Modsy Combines Virtual And Real Interior Design

As more services have gone digital, they tend to lose the human element. People still want to communicate with other people, for the most part. Surely you’ve seen the Discover Card ads that tout human interaction as being a benefit of using its product. And that’s what intrigued me about Modsy, which is an interior design service based online that offers two levels. For $69, Modsy will create a realistic and interactive 3D rendering of any room in your home so you can virtually “try on” furniture from more than 100 stores like Anthropologie, West Elm and Crate & Barrel and see how a new design would look. For $199, you can get the VIP package that includes one-on-one, unlimited help from a professional designer along with everything from the basic package.

There’s no app. It’s all done through an account that you create on the company website. Being I’m trying to modify my home office that hasn’t changed in almost 20 years, I tried out Modsy.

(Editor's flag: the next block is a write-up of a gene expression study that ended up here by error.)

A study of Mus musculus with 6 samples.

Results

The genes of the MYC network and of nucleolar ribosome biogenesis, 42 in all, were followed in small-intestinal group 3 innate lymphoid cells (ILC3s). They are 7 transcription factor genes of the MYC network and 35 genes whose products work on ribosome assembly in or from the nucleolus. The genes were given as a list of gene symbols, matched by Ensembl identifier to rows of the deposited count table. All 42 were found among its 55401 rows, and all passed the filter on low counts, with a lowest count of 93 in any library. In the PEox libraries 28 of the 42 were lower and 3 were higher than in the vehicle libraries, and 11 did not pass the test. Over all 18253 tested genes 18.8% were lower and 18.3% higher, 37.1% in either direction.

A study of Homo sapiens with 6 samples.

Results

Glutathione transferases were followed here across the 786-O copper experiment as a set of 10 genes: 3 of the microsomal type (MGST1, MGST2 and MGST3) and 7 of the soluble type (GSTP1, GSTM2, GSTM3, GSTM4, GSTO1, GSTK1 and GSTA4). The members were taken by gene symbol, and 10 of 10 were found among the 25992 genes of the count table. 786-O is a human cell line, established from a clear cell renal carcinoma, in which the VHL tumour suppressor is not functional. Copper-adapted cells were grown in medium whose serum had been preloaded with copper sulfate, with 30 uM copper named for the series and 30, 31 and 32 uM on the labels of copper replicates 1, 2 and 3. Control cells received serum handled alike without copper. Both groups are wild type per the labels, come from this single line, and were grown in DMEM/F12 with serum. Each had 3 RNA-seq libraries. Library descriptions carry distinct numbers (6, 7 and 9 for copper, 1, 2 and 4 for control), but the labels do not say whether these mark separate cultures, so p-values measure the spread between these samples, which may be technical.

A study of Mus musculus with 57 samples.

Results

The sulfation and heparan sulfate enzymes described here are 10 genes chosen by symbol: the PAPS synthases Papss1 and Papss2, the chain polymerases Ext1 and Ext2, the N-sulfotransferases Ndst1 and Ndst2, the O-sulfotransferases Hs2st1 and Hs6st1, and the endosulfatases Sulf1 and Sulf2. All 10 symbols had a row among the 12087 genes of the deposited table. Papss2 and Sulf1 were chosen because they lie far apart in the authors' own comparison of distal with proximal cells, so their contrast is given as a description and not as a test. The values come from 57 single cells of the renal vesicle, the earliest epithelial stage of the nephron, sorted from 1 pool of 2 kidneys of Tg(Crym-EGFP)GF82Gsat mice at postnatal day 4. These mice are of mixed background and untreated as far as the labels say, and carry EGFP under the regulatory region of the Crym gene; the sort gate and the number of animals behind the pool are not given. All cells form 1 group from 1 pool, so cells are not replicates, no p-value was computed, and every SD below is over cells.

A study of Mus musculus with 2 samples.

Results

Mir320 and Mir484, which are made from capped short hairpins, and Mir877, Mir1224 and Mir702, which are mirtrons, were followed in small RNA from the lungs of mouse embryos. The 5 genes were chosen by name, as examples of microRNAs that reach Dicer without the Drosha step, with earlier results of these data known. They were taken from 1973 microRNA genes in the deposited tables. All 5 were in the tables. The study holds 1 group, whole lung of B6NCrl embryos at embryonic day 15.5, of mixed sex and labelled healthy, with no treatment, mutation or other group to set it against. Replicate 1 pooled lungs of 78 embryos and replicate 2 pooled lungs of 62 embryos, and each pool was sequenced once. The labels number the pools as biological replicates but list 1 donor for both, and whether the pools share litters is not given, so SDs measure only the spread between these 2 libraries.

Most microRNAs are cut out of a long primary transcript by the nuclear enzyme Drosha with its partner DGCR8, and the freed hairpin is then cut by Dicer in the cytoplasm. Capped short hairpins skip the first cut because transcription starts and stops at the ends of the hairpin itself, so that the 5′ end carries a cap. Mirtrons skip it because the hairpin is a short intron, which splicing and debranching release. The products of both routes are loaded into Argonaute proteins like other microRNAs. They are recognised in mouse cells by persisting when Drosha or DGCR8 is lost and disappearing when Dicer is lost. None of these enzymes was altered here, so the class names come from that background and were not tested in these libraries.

First thing I had to do after signing up was answer a five-minute style quiz. It showed me photos of various items — furniture, lighting, rugs, knick-knacks you’d find in an office — asking if I liked them or not. Then — and kind of to my surprise — it declared that I preferred a minimalist, industrial look. It was spot on.

So I thought about it for a couple of days. And when I went back into the system, presumably to advance to the next step, I was disappointed to find that Modsy apparently didn’t save my results. No big deal. I went back and repeated the questionnaire. This time, however, it claimed I liked a combination of industrial and country. Perhaps it just reflected my mood this time, I’m not sure. But I’m not so much a country decor kind of guy. Regardless, I knew I could always swap out any furniture I didn’t like for something I did, once inside the program.

Then I submitted eight photos of the room from pre-specified perspectives — including photos of the ceiling and floor. About two days later, I received a link to an interactive computer rendering of my office. My jaw truly dropped open. On the screen was a perfect recreation of my office, in proper proportion, equipped with new furniture. I could drag the cursor to see any perspective of the room — 360 degrees — in a 3D-type of visual. And zoom in wherever.